Amplifier Power Ratings and Picking The Right Power Amp

Luckily, calculating how much power you require is a logarithmic calculation. As logarithms are a pain in the ass, I recommend using a calculator, or even a website, to help you figure out how much power you need for your application.

How much power you need depends upon a few different things:

  1. Whether your application is home theater or music based
  2. How far your listening position is from the speakers
  3. The efficiency/sensitivity of the speakers
Honorable mention: speaker impedance and the amplifier's relative continuous power output

1. If your goal is a home theater, or your focus is on movies and a cinema like experience, then you will want to be able to hit 105dB SPL cleanly. If you don't know what this means, visit my page on dB SPL and volume levels.

For music, being able to hit 105dB SPL is excessive. Music is generally mixed at 85dB as a reference level and even then, I find listening at these kind of levels to be fatiguing and far from enjoyable. I do recommend though that your system is capable of hitting 95dB SPL to ensure that you have plenty of headroom and that you are never pushing your amplifier (whether standalone or internal to a receiver) too hard.

If you plan to do music and movies, ensure your system can hit 105dB SPL.

2. Being able to achieve these kinds of sound pressure levels are directly related to how far your listening position is from the speakers (this can also be read about further on my page about dB SPL and volume levels).

If doing a multi-channel home theater system, you will use the distance, in feet, from your furthest sitting position to your front three speakers. This is because your surround, surround backs, and if you have them, height channels are used for ambiance, reverb, and general effects - they are not the main speakers providing a majority of the audio content.

If running a stereo system, you would obviously use the distance from listening position to the front left and front right speaker (don't ask, what if they are different? They should not be as it will impact your imaging. Your sitting position relative to your speakers should form an equilateral triangle).

3. Your speakers' sensitivity lets you know how much sound pressure they play from ~3.3ft away when provided 1 watt of power. Lets say John's speakers are 95dB efficient and your speakers are 85dB efficient, then your speakers will require twice the power John's do to play at the same volume. Note: this does not mean your speakers are bad, or sound poor, it simply tells you how efficient the speaker is and how much power it requires; efficiency does not correlate to sound quality!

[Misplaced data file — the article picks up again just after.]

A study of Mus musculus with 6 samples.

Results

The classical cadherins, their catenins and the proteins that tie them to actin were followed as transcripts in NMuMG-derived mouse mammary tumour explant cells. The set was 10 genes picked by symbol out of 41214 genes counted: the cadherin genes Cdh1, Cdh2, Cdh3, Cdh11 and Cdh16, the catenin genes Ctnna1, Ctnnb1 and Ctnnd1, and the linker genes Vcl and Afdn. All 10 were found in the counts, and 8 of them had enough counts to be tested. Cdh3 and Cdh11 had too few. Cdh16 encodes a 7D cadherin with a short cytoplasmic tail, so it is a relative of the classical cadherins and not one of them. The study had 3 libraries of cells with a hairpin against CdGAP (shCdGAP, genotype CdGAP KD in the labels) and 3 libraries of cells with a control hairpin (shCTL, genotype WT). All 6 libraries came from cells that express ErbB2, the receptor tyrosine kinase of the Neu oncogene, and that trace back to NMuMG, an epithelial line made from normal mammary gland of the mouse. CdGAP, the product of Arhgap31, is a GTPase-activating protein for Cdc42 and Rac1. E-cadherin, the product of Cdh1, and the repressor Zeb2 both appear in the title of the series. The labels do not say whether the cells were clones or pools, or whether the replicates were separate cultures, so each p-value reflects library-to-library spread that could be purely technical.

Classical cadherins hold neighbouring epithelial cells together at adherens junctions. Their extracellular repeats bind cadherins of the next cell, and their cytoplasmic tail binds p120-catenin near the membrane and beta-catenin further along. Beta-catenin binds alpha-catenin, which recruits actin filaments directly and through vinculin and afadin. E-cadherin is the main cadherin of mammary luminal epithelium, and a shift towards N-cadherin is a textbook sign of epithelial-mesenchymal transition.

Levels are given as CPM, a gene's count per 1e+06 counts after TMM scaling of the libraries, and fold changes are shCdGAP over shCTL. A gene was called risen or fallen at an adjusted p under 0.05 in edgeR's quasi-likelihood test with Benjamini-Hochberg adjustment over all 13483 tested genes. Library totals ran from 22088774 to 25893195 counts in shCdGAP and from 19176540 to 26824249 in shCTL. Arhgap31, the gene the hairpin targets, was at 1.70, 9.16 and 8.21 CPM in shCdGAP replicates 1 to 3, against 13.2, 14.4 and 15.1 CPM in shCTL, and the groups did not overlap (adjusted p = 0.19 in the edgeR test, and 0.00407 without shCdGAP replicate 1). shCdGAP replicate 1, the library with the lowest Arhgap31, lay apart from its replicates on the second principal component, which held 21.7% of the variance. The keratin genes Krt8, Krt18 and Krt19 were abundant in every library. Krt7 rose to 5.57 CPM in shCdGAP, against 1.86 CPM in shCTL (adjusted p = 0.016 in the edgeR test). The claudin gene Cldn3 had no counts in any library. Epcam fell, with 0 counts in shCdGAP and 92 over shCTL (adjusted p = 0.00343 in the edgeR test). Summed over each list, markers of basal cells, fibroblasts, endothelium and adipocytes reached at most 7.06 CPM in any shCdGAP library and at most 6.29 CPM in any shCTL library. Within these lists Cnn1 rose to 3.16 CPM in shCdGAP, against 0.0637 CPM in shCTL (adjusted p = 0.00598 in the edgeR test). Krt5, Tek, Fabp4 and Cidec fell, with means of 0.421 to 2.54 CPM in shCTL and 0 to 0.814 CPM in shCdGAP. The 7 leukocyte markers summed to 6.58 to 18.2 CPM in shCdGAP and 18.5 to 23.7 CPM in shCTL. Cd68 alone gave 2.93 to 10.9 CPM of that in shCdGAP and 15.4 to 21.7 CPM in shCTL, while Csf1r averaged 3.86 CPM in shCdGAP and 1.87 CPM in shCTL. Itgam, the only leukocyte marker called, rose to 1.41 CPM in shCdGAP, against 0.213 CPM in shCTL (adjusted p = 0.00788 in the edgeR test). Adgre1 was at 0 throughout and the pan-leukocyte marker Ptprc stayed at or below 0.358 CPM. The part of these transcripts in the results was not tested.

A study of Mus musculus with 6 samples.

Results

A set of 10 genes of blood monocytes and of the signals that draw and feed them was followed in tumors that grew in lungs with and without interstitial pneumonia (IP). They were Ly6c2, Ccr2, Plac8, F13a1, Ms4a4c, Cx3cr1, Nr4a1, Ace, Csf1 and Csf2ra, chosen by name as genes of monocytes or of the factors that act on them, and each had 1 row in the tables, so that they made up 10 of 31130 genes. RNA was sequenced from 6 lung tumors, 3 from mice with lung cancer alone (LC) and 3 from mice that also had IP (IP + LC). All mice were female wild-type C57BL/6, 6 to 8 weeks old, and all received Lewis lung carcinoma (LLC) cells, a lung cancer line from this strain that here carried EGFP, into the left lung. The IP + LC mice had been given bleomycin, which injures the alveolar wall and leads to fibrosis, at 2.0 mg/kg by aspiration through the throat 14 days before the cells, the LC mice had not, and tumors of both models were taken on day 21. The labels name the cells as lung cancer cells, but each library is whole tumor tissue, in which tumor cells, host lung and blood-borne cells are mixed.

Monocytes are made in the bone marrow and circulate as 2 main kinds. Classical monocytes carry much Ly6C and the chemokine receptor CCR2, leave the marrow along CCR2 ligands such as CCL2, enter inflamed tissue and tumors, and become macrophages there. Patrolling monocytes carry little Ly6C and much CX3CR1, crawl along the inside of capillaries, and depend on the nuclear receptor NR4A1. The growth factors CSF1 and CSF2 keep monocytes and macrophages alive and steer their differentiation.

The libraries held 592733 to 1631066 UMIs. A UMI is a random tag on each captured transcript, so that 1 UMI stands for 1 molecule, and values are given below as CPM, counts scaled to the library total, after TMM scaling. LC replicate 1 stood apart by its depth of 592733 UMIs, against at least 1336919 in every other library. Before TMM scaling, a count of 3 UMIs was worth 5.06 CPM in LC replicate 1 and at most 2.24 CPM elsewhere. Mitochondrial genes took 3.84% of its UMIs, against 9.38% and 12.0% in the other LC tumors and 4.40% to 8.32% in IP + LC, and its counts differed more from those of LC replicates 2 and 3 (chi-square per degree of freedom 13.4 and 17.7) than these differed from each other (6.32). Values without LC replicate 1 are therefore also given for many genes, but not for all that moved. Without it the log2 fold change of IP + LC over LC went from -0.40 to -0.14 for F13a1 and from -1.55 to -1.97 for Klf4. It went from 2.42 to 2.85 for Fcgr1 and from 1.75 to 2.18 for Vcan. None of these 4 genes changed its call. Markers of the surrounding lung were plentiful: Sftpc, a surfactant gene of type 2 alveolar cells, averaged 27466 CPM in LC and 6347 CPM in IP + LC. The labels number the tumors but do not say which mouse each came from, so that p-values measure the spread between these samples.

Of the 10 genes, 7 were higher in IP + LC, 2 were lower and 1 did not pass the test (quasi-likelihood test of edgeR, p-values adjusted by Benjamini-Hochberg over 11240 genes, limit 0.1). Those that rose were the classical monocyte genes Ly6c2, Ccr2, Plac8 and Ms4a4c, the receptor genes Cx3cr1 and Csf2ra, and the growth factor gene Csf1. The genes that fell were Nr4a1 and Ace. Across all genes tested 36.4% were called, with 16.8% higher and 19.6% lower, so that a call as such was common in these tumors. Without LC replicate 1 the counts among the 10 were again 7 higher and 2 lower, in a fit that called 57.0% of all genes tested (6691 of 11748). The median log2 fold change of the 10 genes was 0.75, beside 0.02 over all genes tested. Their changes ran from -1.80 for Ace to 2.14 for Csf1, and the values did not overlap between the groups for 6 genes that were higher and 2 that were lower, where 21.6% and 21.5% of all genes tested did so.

Now that you have all of your parameters, plug them into this calculator:

In this case, you will be trying to solve for either 105dB SPL or 95dB SPL. Plug in the distance from your speakers, efficiency of the speakers, and estimated power. To be conservative, I recommend selecting away from walls/boundaries; this way you are not relying on assumed gain from having your speakers close to boundaries. Once you calculate out what is needed to hit your recommend sound pressure levels, you'll know what you need for power.

Now that you know what your situation dictates for required power, you can start looking for amplifiers. You will want to ensure your amplifier can hit these power levels without being pushed too hard. The way to determine this is by ensuring your power amplifier can hit these levels with low harmonic distortion and through out the full audible band; this means the amplifier should be capable of these power levels from 20Hz - 20KHz with 0.1%THD or less. For an 8 ohm load, the amplifier should be able to deliver these ratings with all channels driven.

As an amplifier is pushed to its limits, the total harmonic distortion (THD) will start rising drastically. When you see manufacturers using power output ratings at 1%THD, you know that they are giving you close to peak output of the system rather than giving you a real world, continuous rating. Because of this, I recommend sticking with manufacturers that provide ratings below 0.1%THD as you know they are reliable and are not inflating their specifications for marketing purposes.

As noted above, the impedance of your speakers and the output of the amplifier into this load needs to be taken into account. We know that impedance is the electrical resistance of the speaker that changes depending upon frequency. Because of this, you will simply use the nominal impedance of the speaker; this is provided by the manufacturer.

This matters because if a speaker is less resistant to the flow of electricity, the amplifier is able to provide more power. For example, a 4 ohm speaker will receive more power from a power amplifier than an 8 ohm speaker because it provides less resistance.

The down side of this is that it will cause the power amplifier to run hotter. If your speakers are below an 8 ohm load, check with the power amp manufacturer to ensure the amplifier can support a xΩ load.